All these banks have hiked deposit and lending rates by different amounts; decisions follow RBI’s tightening of policy rates last week
New Delhi: Seven banks, including Bank of Baroda (BoB) and HDFC, raised deposit and lending rates by up to 50 basis points on Tuesday, after the Reserve Bank of India tightened monetary policy last week.
BoB and Oriental Bank of Commerce (OBC) raised deposit rates, while HDFC, Indian Bank, Indian Overseas Bank (IOB), Bank of India (BoI) and Dena Bank hiked lending rates.
Higher deposit rates will give depositors better returns, but the increased lending rates will impact EMIs for auto and home loan borrowers. Corporate loans would also become more expensive, reports PTI.
BoB raised deposit rates by 50 basis points (bps) to 9.10% for 444-days deposits till March 2011 and 8.75% for deposits of one year up to 443 days, with effect from today.
OBC decided to raise fixed deposit rates by 25 basis points for deposits of different maturities with the highest rate of 9.25% for 500-days deposits.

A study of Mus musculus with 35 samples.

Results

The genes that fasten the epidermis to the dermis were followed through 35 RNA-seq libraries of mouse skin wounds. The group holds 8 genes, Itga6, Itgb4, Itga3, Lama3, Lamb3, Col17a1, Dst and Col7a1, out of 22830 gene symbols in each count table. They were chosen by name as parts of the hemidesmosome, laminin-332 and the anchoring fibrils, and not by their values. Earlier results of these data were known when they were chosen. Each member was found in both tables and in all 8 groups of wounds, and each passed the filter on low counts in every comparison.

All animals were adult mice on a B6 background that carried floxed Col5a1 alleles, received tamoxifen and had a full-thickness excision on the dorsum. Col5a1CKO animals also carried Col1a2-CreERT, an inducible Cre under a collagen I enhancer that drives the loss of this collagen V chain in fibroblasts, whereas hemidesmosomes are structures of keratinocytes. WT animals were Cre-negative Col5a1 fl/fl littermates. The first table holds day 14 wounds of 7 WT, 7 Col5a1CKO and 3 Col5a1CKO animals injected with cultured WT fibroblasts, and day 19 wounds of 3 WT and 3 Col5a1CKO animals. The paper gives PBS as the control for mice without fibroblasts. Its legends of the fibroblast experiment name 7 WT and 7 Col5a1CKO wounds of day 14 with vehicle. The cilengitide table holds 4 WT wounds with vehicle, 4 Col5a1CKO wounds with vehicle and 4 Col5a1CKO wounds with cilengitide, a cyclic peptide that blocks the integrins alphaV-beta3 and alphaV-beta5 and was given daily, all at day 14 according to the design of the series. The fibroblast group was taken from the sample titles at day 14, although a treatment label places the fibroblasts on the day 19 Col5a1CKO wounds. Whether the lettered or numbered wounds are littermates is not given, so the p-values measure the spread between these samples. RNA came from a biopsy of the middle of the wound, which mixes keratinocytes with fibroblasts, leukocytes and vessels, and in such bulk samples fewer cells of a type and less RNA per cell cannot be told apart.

Housing finance lender HDFC also raised its floating interest by 25 bps with effect from Tuesday, for existing and new customers. HDFC has increased its retail prime lending rate, on which its adjustable rate home loans is benchmarked by 25 bps. "This is in line with the interest rates in the economy, which have hardened due to an increase in policy rates, inflation and liquidity in the domestic market," HDFC stated.
Indian Bank and IOB announced an increase in the base lending rate by 50 bps to 9.5% with effect from Tuesday while Dena Bank has raised its base rate by 0.5% to 9.45% with effect from today.
BoI raised its base rate and BPLR by 50 bps to 9.5% and 13.75%, respectively, which will take effect on Thursday.
Banks have been raising interest rates following the 25 bps hike in short-term lending (repo) and borrowing (reverse repo) rates by the RBI at its third quarterly review of the monetary policy last week.
Punjab National Bank, Allahabad Bank and Punjab and Sind Bank have already announced similar hikes in deposit and lending rates.